At our recent User Group, Steven Loring of New Mexico State University led a discussion on capturing the impact of community engagement via Activity Insight. Loring, the Associate Director of the Agricultural Experiment Station System at NMSU, is involved with the tracking and analysis of community engagement for the College of Agricultural, Consumer and Environmental Sciences (ACES) and the university as a whole. Here’s a followup on his presentation, with additional discussion of the value of reporting impacts at the university level.
New Mexico State University sits on a 900-acre campus and enrolls more than 15,000 students from 49 states and 89 countries. Founded in 1888 as Las Cruces College, the school opened the land-grant Agricultural College and Experiment Station in 1890. NMSU now offers more than 180 degree programs at five campuses. In 2015, the Carnegie Foundation for the Advancement of Teaching selected NMSU to carry its Community Engagement Classification in recognition of the university’s commitment to community impact.
Telling a University’s Whole Story
Loring’s experience and commitment to both community engagement and reporting on impacts come from his work in ACES. Since NMSU is a land-grant university, ACES has reporting obligations to the United States Department of Agriculture (USDA) as well as legislative bodies on which ACES relies for funding. Loring is committed to extending community engagement and impact reporting to the university as a whole, because “Provosts, presidents, chancellors, or whoever is the head of your university, needs to be able to shed light on what the university does for the community. University leaders need to go back to governors, legislators, funders and alumni with the stories of how we make a difference,” he explained.
Tracking activity and outcomes is baked into much of the teaching, research and outreach done by ACES faculty and staff, so it’s easier to gain buy-in for use of Activity Insight, particularly since there’s such a direct connection between impact reporting and funding for ACES. That connection isn’t as direct for other parts of the university.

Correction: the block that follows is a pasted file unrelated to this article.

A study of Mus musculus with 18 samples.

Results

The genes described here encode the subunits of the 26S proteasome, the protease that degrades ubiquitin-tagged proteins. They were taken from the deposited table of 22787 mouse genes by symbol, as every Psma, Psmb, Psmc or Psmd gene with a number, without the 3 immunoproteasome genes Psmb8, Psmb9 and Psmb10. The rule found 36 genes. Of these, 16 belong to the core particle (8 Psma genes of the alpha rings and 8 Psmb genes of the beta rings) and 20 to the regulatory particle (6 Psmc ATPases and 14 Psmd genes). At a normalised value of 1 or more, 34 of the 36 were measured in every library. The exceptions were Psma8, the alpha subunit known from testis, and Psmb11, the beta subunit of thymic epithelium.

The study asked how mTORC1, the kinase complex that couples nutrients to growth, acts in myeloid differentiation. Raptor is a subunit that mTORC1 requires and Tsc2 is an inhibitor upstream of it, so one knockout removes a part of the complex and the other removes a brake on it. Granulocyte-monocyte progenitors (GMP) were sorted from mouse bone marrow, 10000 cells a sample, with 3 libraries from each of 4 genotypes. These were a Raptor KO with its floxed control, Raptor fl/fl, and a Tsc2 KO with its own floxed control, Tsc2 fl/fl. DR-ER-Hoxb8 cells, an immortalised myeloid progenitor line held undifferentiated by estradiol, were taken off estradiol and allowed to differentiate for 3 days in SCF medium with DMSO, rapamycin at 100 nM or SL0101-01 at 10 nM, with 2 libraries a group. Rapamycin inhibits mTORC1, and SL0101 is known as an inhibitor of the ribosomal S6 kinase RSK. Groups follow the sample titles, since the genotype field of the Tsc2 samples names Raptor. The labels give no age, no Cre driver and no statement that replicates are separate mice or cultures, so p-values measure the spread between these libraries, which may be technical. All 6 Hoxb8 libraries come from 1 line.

In taking community engagement impact reporting to the university level, Loring has discovered that collecting data can seem burdensome to faculty in other disciplines. Engaging these faculty is part of Loring’s project to gain a 360-degree view of NMSU’s community engagement impacts.
Measuring the Impact of Community Engagement
When it comes to community engagement, there’s no one-size-fits-all metric for measuring impacts. Some impacts can readily be quantified and others can’t, but both matter, according to Loring. For example, a new integrated pest management program cut application of potato pesticides by 15 percent, resulting in an annual average savings of $2 per acre. Here, the outcome is measurable. But when a faculty member gives a talk about weather to fourth graders, there isn’t a readily measurable impact or outcome. Still, being the public face of the university has an intangible value, and may contribute to future outcomes that can’t be easily accounted for or predicted. “You’re comparing apples and oranges, but both apples and oranges are important,” Loring commented.
Loring is researching methods of collecting data on the less tangible impacts of community engagement via “ripple effects mapping.” For example, if someone from the university gives a talk that inspires someone to begin a project, and that project inspires someone to donate a truck to the project, and that truck helps the project accomplish a particular result, how can the university talk meaningfully about its role in this outcome?
Activity Insight as a Data and Reporting Model
Activity Insight has been an effective tool for reporting on community engagement and impact data for ACES faculty and staff, but as Loring takes his efforts to the university level, it has become clear that faculty data is just one part of the picture.
When it comes to impacts, where else might the university’s story be found? “An engineering intern building a bridge in a third-world country may just seem like an internship, but it’s also community engagement,” Loring said.
Loring serves on a subcommittee focused on issues surrounding data: where it exists within the university, how it’s structured, and how it can be brought together to build a more comprehensive picture of the university’s impact via community engagement activities. The road ahead includes determining how those data sets can be created in compatible formats and integrated with data and reporting from Activity Insight to tell the comprehensive story of the university’s impact via community engagement.
At land-grant universities, Activity Insight’s usefulness in capturing data and reporting on community engagement impacts is often first discovered and leveraged by Colleges of Agriculture. But as NMSU demonstrates, the story of community engagement is important across the university as a whole. Is your university measuring and reporting on its community engagement impacts? We’d love for you to share your story in comments.